The Exporter has various issues to consider:

  1. The credit worthiness of the Buyer in the foreign country
  2. Cancellation of orders in the middle of production
  3. Dilution arising from delay in shipment.
  4. Whether the quality required by the End Buyer can be met by the factory.
  5. The mitigation of the payment risk
  6. Procurement of the raw materials
  7. Production bottlenecks
  8. Currency risk.

The payment risk can be mitigated by:

  • Receiving some down payment before starting production. This generally varies from 10% to 30% of the order.
  • Order to be backed by Letter of Credit. While accepting Letters of Credit, the following should be considered:
    Quality of the issuing bank.
    b. Should be irrevocably and generally at sight payment terms.
    c. What currency?
    d. Whether the documents required to be paid under the Letter of Credit are simple and straight forward. Generally documents required are: Invoice, Packing List, Bill Of Lading, sometimes Inspection Certificate issued by a bonafide third party. There should be no document required that is under the control of the Letter of Credit opener or the issuing bank.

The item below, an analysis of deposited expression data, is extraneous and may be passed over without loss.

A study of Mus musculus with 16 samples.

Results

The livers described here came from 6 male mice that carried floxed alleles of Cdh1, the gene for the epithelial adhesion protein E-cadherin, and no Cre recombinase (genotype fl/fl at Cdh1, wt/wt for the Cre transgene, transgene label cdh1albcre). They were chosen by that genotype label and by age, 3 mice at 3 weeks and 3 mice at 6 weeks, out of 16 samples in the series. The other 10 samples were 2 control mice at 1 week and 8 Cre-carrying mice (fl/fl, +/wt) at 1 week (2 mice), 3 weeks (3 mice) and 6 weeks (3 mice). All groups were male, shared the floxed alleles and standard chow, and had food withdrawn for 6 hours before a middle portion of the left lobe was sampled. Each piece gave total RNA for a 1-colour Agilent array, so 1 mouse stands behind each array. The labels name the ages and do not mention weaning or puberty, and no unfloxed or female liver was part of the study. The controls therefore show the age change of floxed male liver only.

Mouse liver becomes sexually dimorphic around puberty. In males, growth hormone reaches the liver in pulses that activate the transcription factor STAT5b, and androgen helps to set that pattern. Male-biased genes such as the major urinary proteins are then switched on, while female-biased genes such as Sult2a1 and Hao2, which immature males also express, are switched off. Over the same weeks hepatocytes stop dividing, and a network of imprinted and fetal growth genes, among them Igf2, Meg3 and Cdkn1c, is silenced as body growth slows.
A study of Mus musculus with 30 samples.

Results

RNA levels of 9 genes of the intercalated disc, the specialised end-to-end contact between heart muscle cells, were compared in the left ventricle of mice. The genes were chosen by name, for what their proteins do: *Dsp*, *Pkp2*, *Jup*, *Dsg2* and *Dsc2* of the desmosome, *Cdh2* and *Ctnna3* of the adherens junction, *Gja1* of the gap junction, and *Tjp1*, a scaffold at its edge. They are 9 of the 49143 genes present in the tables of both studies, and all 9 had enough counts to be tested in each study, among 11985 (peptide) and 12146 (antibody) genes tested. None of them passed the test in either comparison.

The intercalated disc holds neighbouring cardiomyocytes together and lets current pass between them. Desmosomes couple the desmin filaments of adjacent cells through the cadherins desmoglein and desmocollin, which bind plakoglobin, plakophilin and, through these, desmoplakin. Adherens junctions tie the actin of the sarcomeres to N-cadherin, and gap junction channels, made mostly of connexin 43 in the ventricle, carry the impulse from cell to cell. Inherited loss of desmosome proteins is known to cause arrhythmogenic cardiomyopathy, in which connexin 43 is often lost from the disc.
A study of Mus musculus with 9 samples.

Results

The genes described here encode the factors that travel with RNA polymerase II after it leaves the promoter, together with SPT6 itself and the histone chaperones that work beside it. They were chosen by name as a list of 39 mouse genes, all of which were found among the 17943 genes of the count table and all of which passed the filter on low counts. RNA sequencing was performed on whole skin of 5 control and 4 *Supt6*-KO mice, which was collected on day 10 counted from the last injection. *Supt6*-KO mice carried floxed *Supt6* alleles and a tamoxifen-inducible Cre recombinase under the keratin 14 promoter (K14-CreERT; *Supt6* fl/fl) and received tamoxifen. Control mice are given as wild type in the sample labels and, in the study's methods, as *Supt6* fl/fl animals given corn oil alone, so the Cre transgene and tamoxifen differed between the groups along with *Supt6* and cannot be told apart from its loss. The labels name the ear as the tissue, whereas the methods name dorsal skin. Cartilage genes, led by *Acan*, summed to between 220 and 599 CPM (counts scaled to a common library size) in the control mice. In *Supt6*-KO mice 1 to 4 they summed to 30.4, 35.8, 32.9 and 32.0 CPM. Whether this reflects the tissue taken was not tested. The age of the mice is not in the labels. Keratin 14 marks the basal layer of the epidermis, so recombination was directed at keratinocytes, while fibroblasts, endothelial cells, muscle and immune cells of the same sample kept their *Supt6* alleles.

• Documents Against Payment (DP). Here the Exporter has control over the goods till the importer’s bank pays the Exporter. Once the Exporter is paid or guaranteed payment, the Bill of Lading, the vital title document, is handed over to the Buyer.
  • Documents Against Acceptance (DA). The acceptance of the draft or accepting the obligation to pay the Exporter can be undertaken either by a bank or the Buyer itself provided the Exporter finds the Buyer a credit worthy entity.
  • Open Account. Here the Exporter takes full risk on the Buyer and hands over the goods based on the Buyers promise to pay. Should only be done selectively.
  • Currency of payment by the Buyer is important as the Exporter might need to hedge this currency risk. For instance if the Exporter’s cost is in local currency and the payment will be made (receivable) in another currency such as dollars or Euros, the Exporter takes significant currency risk as the dollar or euro devalues against the local currency. Similarly if the Exporter is buying some of the raw materials in say Dollars and selling the finished product in Euros, the Exporter is taking currency risk if the Euro devalues against the Dollar.